Canines on campuses – Demonstration paves way for random contraband checks in local schools
By Kendyce Manguchei, News-Sentinel Staff Writer
The company contracted by Lodi Unified School District to sniff campuses for drugs, alcohol, weapons and gunpowder presented a demonstration and question-and-answer session at Lodi Middle School on Wednesday evening.
Sue Figueria, Kontraband Interdiction and Detection Services general manager, and Jerry Matt, the company’s lead dog trainer and executive vice president, introduced a golden retriever named KC.
On the stage of the multipurpose room, Figueria led KC down a row of backpacks and purses. KC sniffed one, then hunted for her toy. She moved to the next one, and sat. She circled a second backpack and sat again.
The dogs don’t actually know what alcohol, drugs or weapons are, Figueria said. Instead, they are continually hunting for their toy, a four-inch length of firehose stuffed with thick cotton batting.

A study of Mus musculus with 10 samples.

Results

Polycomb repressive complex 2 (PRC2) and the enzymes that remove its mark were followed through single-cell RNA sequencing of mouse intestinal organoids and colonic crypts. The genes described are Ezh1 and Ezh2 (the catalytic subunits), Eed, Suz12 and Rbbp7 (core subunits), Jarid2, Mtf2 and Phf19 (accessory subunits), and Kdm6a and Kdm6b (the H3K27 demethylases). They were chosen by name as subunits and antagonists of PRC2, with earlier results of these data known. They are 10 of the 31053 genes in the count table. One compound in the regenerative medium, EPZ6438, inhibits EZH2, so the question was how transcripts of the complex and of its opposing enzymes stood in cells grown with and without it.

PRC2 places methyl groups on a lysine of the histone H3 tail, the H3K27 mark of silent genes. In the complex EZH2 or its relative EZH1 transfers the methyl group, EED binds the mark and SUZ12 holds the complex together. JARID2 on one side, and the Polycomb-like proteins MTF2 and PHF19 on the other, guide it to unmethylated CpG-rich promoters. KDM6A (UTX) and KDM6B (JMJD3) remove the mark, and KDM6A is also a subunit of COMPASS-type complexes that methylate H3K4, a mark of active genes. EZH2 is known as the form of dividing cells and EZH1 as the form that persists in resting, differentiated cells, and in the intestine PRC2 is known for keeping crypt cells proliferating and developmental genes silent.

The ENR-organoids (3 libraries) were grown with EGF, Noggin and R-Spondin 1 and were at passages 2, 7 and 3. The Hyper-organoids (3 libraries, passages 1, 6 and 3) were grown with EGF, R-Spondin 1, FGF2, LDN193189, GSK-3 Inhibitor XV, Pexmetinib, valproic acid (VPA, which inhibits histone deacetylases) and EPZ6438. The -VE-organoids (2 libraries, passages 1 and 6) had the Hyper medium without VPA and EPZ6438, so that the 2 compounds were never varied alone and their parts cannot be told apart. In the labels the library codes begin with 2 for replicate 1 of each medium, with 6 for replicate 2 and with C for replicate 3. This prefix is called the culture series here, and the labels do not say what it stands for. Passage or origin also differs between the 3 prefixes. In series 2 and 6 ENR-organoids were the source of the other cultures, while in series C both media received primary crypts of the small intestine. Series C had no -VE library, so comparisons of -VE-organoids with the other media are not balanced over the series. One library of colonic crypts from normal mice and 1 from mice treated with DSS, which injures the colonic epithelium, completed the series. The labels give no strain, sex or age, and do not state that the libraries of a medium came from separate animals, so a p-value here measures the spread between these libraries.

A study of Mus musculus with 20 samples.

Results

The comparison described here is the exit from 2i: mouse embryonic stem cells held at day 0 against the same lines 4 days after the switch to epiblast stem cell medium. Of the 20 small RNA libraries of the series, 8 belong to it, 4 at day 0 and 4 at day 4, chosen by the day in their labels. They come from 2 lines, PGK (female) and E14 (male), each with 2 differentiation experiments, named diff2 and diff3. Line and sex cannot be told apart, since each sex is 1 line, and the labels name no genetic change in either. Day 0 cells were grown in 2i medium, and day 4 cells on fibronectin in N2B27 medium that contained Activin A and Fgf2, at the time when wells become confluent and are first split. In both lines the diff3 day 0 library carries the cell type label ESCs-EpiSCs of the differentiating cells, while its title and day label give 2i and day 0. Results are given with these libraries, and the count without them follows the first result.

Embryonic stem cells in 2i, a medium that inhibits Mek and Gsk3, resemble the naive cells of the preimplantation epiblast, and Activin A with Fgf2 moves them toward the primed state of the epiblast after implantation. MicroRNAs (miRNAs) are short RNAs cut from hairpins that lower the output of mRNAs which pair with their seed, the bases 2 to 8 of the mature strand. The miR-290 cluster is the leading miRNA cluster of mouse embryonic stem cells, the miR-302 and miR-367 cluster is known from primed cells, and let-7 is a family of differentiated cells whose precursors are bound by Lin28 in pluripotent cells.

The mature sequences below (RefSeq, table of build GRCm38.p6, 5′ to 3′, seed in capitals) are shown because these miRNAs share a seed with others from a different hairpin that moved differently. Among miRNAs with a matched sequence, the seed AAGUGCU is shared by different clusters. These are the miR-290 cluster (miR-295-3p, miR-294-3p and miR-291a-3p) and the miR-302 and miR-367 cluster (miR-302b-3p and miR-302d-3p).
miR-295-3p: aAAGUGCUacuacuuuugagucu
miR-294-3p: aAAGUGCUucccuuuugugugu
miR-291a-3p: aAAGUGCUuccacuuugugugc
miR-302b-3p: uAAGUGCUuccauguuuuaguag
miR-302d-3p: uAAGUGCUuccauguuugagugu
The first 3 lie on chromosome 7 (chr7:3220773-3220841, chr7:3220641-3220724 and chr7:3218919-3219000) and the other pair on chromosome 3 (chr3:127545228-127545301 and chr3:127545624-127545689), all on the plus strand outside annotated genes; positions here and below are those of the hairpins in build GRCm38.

She tossed the piece, or pretended to, and unzipped the bags to show what KC found: a miniature bottle of Jack Daniels, two shotgun shells. The crowd applauded.
K.I.D.S. dog handlers will soon conduct visits at each middle and high school campus until the end of the school year.
The canine program is the first here in at least 10 years. LUSD’s school board adopted a policy allowing drug-sniffing dogs in 1998. K.I.D.S. operates similar programs in school districts throughout California and its trainers have 50 years combined police and canine training and drug enforcement experience. The dogs are all Labrador or golden retrievers and are trained to simply sit down if they detect odors. They are not trained to detect odors from over-the-counter medications or tobacco.
Matt and Figueria stressed the program is not a “gotcha,” and not meant to get kids in trouble. They want to keep schools safe, and deter students from using drugs and alcohol and from bringing illegal items to school.